Top 3 Mistakes Setting Up AD CS Certificate Templates

Eytan Raphaely Uncategorized

Top 3 Mistakes Setting Up AD CS Certificate Templates

In order to use certificates for authentication, a security trend caused by the inadequacies of password-based authentication, a public key infrastructure (PKI) must be in place. Active Directory Certificates Services (AD CS) is Microsoft’s on-premise PKI solution and while it has been around for some time, there can still be a lot of confusion around the set-up process. 

Here are the top 3 mistakes to look out for when setting up AD CS Certificate Templates.

Using AD CS Default Certificate Templates

The first step in creating your AD CS certificate template should always be to plan out which templates are necessary. It is essential to make sure your original templates are configured correctly as these templates are designed to be the mold you use to duplicate other templates. You can only modify the duplicates and must leave the original templates alone. 

Furthermore, enterprise administrators are able to manage certificate templates by default. To change this, you need to create a security group and adjust role separations so only admins you have approved can have access. 

Not creating security groups leaves an opening for a threat to access the network and issue themselves any certificate or create their own “wildcard” certificate which can be applied to a domain and all its subdomains.

Using Active Directory

Using Active Directory may sound like an obvious choice, as AD CS only works natively when AD is the directory, but it can limit you with all the disadvantages that come with using an on-premise service. 

Active Directory can come with a ton of hidden costs due to hardware and annual maintenance fees. Not to mention, hiring a team of experts who sparse in number and most certainly not cheap.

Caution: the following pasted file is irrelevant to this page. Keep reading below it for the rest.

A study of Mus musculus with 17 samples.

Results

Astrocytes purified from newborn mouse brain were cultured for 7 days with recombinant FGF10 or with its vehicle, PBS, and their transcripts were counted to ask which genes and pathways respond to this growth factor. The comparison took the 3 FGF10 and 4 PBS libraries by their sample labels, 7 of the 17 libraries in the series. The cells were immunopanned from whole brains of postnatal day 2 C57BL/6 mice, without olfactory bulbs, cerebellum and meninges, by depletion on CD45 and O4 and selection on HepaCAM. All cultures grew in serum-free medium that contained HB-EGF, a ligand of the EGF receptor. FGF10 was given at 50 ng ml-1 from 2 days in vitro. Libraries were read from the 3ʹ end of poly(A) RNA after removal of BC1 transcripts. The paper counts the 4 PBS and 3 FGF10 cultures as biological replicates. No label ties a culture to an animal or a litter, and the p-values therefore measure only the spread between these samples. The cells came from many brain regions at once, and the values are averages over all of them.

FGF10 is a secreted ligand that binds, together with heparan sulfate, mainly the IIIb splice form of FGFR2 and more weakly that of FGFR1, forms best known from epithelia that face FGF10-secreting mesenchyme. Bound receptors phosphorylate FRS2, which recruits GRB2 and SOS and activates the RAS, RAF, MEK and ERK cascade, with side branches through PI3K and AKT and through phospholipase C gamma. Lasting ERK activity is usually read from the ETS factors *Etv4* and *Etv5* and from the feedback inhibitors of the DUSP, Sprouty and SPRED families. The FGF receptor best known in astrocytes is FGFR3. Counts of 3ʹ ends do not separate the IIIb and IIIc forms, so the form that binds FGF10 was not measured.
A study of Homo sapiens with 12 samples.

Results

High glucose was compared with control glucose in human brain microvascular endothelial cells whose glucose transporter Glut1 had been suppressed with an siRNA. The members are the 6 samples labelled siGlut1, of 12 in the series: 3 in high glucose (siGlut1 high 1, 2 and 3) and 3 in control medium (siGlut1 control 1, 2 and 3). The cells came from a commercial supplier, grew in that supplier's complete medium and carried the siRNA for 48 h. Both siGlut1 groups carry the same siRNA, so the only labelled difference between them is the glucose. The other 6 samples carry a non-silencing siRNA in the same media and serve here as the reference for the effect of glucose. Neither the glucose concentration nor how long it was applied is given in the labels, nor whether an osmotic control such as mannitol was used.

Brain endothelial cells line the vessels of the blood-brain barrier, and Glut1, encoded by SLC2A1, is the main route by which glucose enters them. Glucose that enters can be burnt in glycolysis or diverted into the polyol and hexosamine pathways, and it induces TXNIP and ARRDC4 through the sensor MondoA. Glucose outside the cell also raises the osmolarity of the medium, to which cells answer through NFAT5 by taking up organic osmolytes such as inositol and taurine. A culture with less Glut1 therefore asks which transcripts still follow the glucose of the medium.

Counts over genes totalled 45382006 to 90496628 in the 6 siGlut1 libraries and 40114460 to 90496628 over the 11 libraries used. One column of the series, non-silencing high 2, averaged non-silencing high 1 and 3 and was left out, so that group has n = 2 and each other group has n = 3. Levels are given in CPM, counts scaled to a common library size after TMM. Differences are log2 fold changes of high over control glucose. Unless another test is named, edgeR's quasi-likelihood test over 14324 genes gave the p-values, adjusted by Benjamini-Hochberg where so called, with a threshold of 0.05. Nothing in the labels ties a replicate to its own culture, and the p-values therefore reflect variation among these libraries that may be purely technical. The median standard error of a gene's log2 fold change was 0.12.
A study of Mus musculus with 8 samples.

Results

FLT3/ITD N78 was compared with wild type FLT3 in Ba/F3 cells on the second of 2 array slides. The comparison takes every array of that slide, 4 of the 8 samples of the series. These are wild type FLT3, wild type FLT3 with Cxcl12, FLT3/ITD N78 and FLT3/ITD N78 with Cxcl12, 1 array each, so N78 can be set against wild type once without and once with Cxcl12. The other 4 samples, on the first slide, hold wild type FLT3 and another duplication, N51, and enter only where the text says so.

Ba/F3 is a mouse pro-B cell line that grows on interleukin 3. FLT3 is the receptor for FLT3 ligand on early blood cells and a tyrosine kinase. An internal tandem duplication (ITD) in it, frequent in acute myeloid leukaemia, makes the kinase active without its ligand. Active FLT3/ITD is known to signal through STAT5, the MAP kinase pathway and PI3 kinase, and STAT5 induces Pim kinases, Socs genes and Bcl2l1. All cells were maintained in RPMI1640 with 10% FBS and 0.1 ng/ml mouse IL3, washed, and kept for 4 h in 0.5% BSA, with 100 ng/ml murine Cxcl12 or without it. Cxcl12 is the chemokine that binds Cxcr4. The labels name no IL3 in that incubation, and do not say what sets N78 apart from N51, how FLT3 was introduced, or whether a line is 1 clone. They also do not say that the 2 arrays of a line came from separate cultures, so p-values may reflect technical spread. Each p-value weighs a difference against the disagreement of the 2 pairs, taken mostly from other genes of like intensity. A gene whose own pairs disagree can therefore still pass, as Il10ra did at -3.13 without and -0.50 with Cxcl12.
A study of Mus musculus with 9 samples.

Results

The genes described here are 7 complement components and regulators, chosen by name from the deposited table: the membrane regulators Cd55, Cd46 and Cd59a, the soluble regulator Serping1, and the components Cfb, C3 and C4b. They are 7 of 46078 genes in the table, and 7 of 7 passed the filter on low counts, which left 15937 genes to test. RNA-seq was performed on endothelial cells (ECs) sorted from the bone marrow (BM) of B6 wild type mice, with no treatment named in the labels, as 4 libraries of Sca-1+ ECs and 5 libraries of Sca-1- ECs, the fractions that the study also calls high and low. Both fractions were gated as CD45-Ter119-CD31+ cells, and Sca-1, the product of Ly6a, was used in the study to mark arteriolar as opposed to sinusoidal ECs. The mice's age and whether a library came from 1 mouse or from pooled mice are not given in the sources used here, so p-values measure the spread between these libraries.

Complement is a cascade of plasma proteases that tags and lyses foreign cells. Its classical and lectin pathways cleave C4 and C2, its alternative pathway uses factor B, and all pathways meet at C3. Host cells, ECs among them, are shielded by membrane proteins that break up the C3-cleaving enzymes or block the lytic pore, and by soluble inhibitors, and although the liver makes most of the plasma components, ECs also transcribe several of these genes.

These expenses can add up quickly, and can be easily avoided by using cloud based services such as G-suite, Okta or Azure AD, which can simplify managing everything connecting to your AD.  While AD CS does not natively support integration with the new wave of Cloud IdPs, managing your Microsoft CA with a Next-Generation PKI like SecureW2 allows you to support any SAML or LDAP Identity Provider and move away from your legacy AD. 

Not Considering Recent PKI Technologies

AD CS predates Windows server 2008, and receives minimal updates and support from Microsoft making using AD CS much more costly and troublesome than other PKI solutions.

Cloud technology has progressed tremendously allowing organizations to take advantage of PKI that don’t require any additional hardware to be set up, eliminating any infrastructure cost associated with on-premise maintenance. 

Cloud PKI’s also eliminate the need for hiring a team of expensive experts as they can easily be managed by just one part-time administrator. AD CS also lacks any certificate delivery mechanisms, which can further increase the IT load for proper deployment. SecureW2 solves this with the #1 Rated Certificate Deliver Platform, providing self-service clients for every OS so that end users can easily set up their own devices for certificates. It also comes with Gateway APIs that can be integrated with any MDM, or our IoT Platform, so that managed devices can be silently auto-enrolled for certificates. 

SecureW2’s Managed PKI comes with all the infrastructure setup, takes less than an hour to integrate with an existing infrastructure, and doesn’t require any prior security or cryptographic experience. If you’re interested in learning more, check out our pricing page and see how our cost effective solutions  can enhance your network’s security today.

 


Learn About This Author

Eytan Raphaely

Eytan Raphaely is a 25-year-old currently working in marketing, his true passion is making things that he thinks are really funny, that other people think are mildly funny. He is a recent graduate from the University of Washington where he studied digital marketing. Eytan has been honing his writing skills as an intern for a small studio, a marketing firm, an editor for Literally Media, and other places too.